Park Road Books

I heard a rare thing from an independent bookseller the other day: optimism. Let me qualify that statement.  The rarity came in light of  recent weeks when the general opinion I’d come across (and the one I’ve held at times) has leaned more toward the other end of the spectrum. I suppose that’s normal for anyone investigating starting a business, as we have been, particularly when that business is selling books. Still, as anyone who has ever had their dream tested (or squashed) by the rigamarole of due diligence and business plans can understand, it’s a breath of fresh air to talk to some who’s been there, done that, is still there and doing that and, what’s more, is thriving.

Enter Sally Brewster of Park Road Books in Charlotte, NC. I’ve long intended to feature “Charlotte’s Favorite Bookstore” on this blog, but that intention took on renewed urgency when a Queens English professor, whom I respect, recommended Sally as one of the most knowledgeable people about the book industry in Charlotte. How could I delay another second with that kind of endorsement?

As far as layout goes, Park Road Books is large and well-stocked, expansive enough to compete with area big-box stores, while still retaining a cozy feel, helped by a nonfunctional fireplace and two dens of comfy couches and chairs. Like Quail Ridge Books in Raleigh, the immediate impression upon walking in the door is that every single book purchased and shelved on the Recommended Reading shelf (which is unmistakeable as it is the first and most eye-catching  that you come across and the one where the majority of the store’s visitors are gathered) has been read by some representative of the store. These are not titles pulled blindly from some monthly industry newsletter. They are not the same set of titles you’ll find in Quail Ridge of Raleigh, Malaprop‘s of Asheville or any other North Carolina independent, nor are they the bestsellers on the shelves of Barnes & Nobel just down the road; they are the titles specifically chosen for Park Road Books with Park Road Books customers in mind.

Owner Sally Brewster is easily spotted in the crowd; she is talking with customers, a mother and child pair, and teaching the young girl how to make Yola, the store’s mascot, a shelter rescue dog, do a trick. A few feet away, two store clerks are examining a cart of books-to-be-stocked and talking about…. books.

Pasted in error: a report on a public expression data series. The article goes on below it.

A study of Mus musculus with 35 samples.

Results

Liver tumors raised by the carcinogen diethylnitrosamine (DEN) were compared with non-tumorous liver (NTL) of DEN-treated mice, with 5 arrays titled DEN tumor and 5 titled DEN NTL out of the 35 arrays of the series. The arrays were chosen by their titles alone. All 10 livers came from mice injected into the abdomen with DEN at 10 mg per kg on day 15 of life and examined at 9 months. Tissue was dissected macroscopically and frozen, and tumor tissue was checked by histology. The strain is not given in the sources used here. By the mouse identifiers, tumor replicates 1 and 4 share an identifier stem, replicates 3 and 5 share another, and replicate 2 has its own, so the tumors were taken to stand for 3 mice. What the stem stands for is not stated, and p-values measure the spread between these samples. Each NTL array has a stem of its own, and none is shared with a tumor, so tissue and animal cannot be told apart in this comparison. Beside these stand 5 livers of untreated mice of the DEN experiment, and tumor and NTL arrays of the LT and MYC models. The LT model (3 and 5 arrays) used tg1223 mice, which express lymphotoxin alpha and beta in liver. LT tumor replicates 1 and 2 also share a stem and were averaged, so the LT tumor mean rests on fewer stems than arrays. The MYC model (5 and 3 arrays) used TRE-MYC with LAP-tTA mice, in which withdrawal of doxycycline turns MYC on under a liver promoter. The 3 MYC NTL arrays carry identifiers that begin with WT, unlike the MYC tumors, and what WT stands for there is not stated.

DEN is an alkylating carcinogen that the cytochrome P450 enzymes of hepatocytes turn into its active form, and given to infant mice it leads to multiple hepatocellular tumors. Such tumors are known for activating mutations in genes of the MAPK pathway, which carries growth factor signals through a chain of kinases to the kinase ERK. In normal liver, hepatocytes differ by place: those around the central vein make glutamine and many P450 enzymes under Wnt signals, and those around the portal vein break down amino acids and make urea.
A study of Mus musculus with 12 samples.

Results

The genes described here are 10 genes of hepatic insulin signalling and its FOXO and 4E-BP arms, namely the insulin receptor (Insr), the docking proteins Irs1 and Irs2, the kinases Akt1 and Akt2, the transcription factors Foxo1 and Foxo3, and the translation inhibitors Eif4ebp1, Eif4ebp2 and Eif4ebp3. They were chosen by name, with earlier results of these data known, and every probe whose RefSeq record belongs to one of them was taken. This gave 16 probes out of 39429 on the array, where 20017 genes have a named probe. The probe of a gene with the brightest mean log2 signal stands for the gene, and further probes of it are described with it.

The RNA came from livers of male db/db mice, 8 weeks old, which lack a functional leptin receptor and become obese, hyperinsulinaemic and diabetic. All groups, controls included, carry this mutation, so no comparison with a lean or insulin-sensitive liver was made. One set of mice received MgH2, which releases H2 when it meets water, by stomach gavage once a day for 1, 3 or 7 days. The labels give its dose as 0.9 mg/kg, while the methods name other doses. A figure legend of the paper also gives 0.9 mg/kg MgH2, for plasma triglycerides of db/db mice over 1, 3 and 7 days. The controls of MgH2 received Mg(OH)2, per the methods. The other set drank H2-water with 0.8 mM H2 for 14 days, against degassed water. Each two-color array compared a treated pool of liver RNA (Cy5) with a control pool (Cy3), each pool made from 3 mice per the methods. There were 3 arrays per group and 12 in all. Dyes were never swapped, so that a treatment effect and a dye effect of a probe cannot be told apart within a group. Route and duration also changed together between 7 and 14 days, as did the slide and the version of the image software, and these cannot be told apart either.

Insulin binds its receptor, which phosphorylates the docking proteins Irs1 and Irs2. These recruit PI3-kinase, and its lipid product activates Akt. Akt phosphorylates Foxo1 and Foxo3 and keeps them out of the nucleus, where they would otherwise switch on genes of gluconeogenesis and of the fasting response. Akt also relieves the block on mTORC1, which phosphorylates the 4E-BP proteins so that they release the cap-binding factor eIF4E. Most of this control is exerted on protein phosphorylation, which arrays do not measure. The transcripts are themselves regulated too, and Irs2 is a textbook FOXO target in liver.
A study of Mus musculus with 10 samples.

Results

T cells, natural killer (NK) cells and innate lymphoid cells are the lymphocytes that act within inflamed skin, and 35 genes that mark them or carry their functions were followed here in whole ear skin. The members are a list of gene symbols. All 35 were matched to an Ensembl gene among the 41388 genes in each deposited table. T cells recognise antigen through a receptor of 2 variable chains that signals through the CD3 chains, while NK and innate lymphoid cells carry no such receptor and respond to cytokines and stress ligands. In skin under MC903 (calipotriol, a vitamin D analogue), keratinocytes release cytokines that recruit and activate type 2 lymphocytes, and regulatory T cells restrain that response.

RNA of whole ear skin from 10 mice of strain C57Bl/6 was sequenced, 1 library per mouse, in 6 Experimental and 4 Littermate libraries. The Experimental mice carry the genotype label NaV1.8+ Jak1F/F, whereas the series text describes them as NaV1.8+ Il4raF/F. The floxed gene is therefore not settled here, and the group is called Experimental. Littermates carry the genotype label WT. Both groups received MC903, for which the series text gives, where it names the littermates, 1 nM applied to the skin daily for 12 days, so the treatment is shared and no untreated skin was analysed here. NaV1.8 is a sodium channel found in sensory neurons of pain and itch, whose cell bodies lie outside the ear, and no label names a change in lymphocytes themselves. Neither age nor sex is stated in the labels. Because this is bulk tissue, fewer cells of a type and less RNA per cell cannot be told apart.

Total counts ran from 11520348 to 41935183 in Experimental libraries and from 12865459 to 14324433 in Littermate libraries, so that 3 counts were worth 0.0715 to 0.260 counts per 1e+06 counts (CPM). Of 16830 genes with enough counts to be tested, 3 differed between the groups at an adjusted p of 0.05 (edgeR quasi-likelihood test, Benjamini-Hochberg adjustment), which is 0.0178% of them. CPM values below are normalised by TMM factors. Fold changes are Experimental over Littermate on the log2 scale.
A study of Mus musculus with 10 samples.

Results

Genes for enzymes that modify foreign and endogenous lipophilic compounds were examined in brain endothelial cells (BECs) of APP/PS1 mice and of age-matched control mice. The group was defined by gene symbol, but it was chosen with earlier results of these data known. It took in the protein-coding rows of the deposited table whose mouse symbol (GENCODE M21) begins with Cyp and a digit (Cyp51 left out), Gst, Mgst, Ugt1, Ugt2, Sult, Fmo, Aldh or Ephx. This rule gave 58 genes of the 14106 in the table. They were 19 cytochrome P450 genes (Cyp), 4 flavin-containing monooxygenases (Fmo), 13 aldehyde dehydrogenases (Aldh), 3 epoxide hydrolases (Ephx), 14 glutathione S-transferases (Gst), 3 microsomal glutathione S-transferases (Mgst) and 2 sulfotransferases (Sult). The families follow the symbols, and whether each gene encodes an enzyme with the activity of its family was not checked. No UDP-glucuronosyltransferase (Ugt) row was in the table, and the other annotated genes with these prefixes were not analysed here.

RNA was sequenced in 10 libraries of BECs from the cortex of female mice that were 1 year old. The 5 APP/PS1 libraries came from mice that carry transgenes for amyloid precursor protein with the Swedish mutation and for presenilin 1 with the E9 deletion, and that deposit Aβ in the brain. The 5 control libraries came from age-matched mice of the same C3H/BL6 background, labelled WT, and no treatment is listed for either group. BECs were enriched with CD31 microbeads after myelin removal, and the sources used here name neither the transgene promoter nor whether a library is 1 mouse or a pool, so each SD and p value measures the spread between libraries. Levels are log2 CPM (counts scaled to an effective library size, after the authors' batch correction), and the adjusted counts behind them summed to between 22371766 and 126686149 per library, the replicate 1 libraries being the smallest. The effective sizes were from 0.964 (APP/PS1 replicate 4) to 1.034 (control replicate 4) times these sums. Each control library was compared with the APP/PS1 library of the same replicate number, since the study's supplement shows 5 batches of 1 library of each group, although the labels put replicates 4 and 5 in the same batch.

“Yep, no more copies of The Informationists,”  one says of Taylor Stevenson’s wildly popular thriller and an obvious hit in Charlotte. Neither one seems too surprised as if it’s implied that a good book on their recommended reading shelf isn’t going to hang around for very long.

A little while later, Sally echos this confidence when we sit down with her in a pair of overstuffed couches at the back of the store.

“I’m optimistic,” she says, her relaxed manner and the laughter that often punctuates the conversation belying that optimism.

Although she has a background in publishing and twenty-four years experience as a bookseller, Sally admits that it takes more than business sense and a love of books to keep a bookshop afloat in these turbulent times.

“We’re fortunate to have a wonderful landlord,” she says, referring to 91 year-old attorney and philanthropist, Porter Byrum, who recently donated the busy Park Road Shopping Center to three NC universities. Byrum has been known to give preference to Mom and Pop stores and, as Sally alludes, to help tenants out in hard times, as in 2009 when independent bookstores took a hit.

Another factor to which Sally attributes Park Road’s success is the staff’s pleasant demeanor and customer service.

“I’m excited to come to work in the morning and I’m sad to leave in the afternoon,” she says, adding that the only drudgery in her job is having to fill out paperwork in the office when she’d rather be up front engaging with customers.

When asked about the effect ebooks have had on the store’s business, she shrugs: “Really, all it means is I’m not going to sell as many bestsellers as I used to, because they make up the majority of ebook sales. So instead of ordering twenty copies of James Patterson’s latest book, now I only order ten, which is fine by me.”

Ultimately, though, what is an independent bookstore if it isn’t a meeting place, an active member and an advocate for the community? Park Road Books couldn’t agree more and it is this commitment to serving their community that, perhaps, contributes most to their success. In addition to hosting book clubs,  author events and panels that are relevant to their customer base, they make regular trips to schools, sometimes three in one day and always including at least one lower-performing schools.

So is she worried about anything? Amazon, she admits, is the book industry’s biggest threat. But after a momentary rant about tax laws, she’s positive again.

“People are afraid of change,” she says. “But we’ve been around a long time and we’ve weathered a lot of change already.”

She confirms what I’ve heard from other booksellers, that the main thing is to stay in tune with your customers’ needs.

By the time we’re finished talking I can tell she’s itching to get back to hers. Sure enough, when it’s finally time to leave, I have to wave to her over a crowd. They are laughing over a few lines of a particularly humorous book (which, of course, she has read), and I can tell by their expressions as they listen to her recommendation that they will not leave empty-handed.

Luke eyeing up the displays at Park Road Books.